10/11/2017 12:11:00 PM
Las Vegas tragedy hits too close to home
Bill Reynolds

The bullets rained down on Las Vegas, and tears flowed in La Conner.
In a terrible twist of fate, the tragic mass shooting of outdoor concert-goers at the Route 91 Harvest Festival inflicted painful wounds here as well.
Among the 58 innocents killed as a result of Stephen Paddock’s horrific rampage was 31-year-old Carrie Parsons, recently engaged in Hawaii to Randall Alvord, whose dad, Doug, co-owns the La Conner Brewing Company, on First Street with his wife, Pam.
Parsons, from Bainbridge Island, worked in Seattle at a staffing agency. She was much loved in La Conner, the Alvord family’s home town, both by those who knew her and knew of her.
“You were a bright ray of sunshine wherever you went,” Heidi Palmgren, of La Conner, said in a tribute to Parsons, posted on social media last week.
La Connerite Lisa Judy was likewise crushed to hear the news. Her grandfather, the late Jerry Blades, and Randall Alvord’s grandfather, David Alvord, were close friends for many years.
“I didn’t know her,” Judy said of Parsons. “I’m connected because of grandpa. I feel so bad. This just really tugs at the heartstrings.”
Parsons, a devoted fan of Country recording artist Eric Church, was among more than 20,000 people gathered for the Oct. 1 concert.
It was a long-awaited special event that turned deadly in a matter of seconds when Paddock opened fire from his room at the nearby Mandalay Bay Resort & Casino.
The death of Parsons also touched Leon John, who was in Las Vegas as part of a Swinomish Tribal Community delegation attending a conference there.
John and Doug Alvord are lifelong friends. They were La Conner High classmates.
John and Swinomish Tribal Senate chair Brian Cladoosby kept vigil at a Las Vegas hospital that night to monitor the progress of Melinda (Mia) Brockie, a Lummi Nation member with many Swinomish and La Conner area friends, who was among those seriously wounded at the concert site.
Brockie underwent surgery and remained hospitalized – comforted by the presence of more than 40 family members who flew to Las Vegas – for several days afterward, according to local friends.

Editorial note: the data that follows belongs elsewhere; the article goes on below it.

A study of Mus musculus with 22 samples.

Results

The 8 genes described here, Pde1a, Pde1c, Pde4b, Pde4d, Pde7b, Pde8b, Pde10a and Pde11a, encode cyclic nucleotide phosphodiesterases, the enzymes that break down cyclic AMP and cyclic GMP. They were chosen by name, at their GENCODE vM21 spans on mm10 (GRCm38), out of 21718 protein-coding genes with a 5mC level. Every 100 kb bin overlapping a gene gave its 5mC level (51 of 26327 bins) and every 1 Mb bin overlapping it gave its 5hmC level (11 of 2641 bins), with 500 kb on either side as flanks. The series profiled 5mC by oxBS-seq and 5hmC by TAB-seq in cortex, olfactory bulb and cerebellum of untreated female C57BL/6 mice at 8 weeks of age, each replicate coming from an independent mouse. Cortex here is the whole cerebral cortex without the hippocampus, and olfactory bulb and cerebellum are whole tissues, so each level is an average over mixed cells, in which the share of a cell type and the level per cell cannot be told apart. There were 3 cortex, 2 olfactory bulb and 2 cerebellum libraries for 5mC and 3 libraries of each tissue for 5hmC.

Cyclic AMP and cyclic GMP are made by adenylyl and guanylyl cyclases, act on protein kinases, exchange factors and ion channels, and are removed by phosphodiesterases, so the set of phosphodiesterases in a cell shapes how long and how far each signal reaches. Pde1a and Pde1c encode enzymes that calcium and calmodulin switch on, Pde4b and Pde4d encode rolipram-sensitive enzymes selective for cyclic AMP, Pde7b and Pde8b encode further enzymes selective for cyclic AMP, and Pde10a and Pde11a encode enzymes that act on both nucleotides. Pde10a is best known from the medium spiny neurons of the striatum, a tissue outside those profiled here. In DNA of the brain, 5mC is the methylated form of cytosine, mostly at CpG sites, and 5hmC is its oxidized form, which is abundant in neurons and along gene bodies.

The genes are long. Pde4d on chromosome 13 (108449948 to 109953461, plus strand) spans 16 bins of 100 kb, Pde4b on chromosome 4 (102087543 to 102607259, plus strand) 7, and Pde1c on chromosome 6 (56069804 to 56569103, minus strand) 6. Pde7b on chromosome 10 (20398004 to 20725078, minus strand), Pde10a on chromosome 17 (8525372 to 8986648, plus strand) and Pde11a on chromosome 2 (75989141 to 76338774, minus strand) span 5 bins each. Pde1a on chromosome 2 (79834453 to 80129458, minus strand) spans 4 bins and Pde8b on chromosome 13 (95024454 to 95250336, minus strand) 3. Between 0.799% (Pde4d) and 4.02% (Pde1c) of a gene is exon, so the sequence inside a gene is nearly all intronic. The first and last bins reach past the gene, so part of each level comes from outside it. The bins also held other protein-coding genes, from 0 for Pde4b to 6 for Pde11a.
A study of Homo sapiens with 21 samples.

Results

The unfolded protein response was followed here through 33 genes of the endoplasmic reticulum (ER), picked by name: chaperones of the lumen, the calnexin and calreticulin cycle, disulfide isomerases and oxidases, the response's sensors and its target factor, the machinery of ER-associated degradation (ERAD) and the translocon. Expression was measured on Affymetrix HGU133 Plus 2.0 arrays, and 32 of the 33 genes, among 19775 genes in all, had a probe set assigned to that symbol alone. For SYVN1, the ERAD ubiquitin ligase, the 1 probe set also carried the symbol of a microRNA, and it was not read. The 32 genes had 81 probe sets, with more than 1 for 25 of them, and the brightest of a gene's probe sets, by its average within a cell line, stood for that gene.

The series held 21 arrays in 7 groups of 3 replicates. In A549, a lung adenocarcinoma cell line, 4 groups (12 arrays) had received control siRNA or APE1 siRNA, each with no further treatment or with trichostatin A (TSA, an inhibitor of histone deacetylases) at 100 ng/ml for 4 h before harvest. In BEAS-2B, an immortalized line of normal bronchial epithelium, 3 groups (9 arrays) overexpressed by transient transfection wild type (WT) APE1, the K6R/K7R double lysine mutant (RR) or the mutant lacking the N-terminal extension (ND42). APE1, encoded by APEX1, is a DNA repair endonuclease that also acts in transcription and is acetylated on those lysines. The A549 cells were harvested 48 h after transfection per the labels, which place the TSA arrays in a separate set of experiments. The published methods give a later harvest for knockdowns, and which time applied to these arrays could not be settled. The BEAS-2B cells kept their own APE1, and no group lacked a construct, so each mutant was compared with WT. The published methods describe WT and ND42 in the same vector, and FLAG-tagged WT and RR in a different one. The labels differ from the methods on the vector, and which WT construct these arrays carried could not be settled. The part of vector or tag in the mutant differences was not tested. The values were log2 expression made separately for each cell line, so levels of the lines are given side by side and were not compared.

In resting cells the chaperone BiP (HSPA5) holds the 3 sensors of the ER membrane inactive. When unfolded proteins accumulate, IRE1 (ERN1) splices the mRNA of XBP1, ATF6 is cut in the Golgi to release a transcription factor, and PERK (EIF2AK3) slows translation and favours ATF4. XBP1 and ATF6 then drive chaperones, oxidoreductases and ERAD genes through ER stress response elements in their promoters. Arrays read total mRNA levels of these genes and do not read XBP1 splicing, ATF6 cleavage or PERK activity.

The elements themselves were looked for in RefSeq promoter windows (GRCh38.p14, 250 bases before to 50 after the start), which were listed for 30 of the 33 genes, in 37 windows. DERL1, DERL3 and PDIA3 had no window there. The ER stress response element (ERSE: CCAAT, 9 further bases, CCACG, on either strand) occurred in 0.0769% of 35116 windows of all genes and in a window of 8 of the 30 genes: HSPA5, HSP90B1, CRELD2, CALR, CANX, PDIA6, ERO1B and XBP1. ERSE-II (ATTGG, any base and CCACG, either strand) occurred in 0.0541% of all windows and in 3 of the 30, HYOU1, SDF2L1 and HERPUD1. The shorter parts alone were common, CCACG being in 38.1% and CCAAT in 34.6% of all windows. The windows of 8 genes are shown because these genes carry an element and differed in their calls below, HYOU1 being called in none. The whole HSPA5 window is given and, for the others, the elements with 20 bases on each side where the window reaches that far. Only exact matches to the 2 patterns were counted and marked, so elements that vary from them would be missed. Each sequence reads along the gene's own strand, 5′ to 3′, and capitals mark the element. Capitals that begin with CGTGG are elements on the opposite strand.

Cladoosby, President of the National Congress of American Indians (NCAI), described the experience as an “emotional roller-coaster.”
“We’re so thankful,” he said, “Melinda is going to make it through something no one should have to go through.”
John marveled afterward at how Las Vegas and southern Nevada rallied to ease everyone’s collective pain.
“The community support,” he said, “is tremendous. People have been bringing blankets, food, and drinks.”
Coincidentally, a former La Conner resident is actively involved in that on-going community response.
Robyn Dalan Caspersen is interim President and CEO of United Way of Southern Nevada, comprised of 40 paid staffers and over 2,000 volunteers, and is a lead organization in connecting those affected by the shooting to counseling options and various other services.
Caspersen is a retired partner at the Deloitte multinational accounting firm, and has been part of United Way dating to her early career in the Seattle area.
Her immediate task at hand is in no way easy. One for which her husband, John, a 1977 La Conner High grad who was here recently for a class reunion, believes she is well suited to handle.
“Robyn,” he said, “is doing an amazing job.”
An amazing job under the most trying of circumstances as friends and relatives mourn the loss of loved ones and pray for the full recovery of survivors.
Palmgren perhaps said it best in her post dedicated to Parsons.
“There are no words to express the sadness I feel in my heart,” she said, “at the thought of the world losing such an amazing soul.”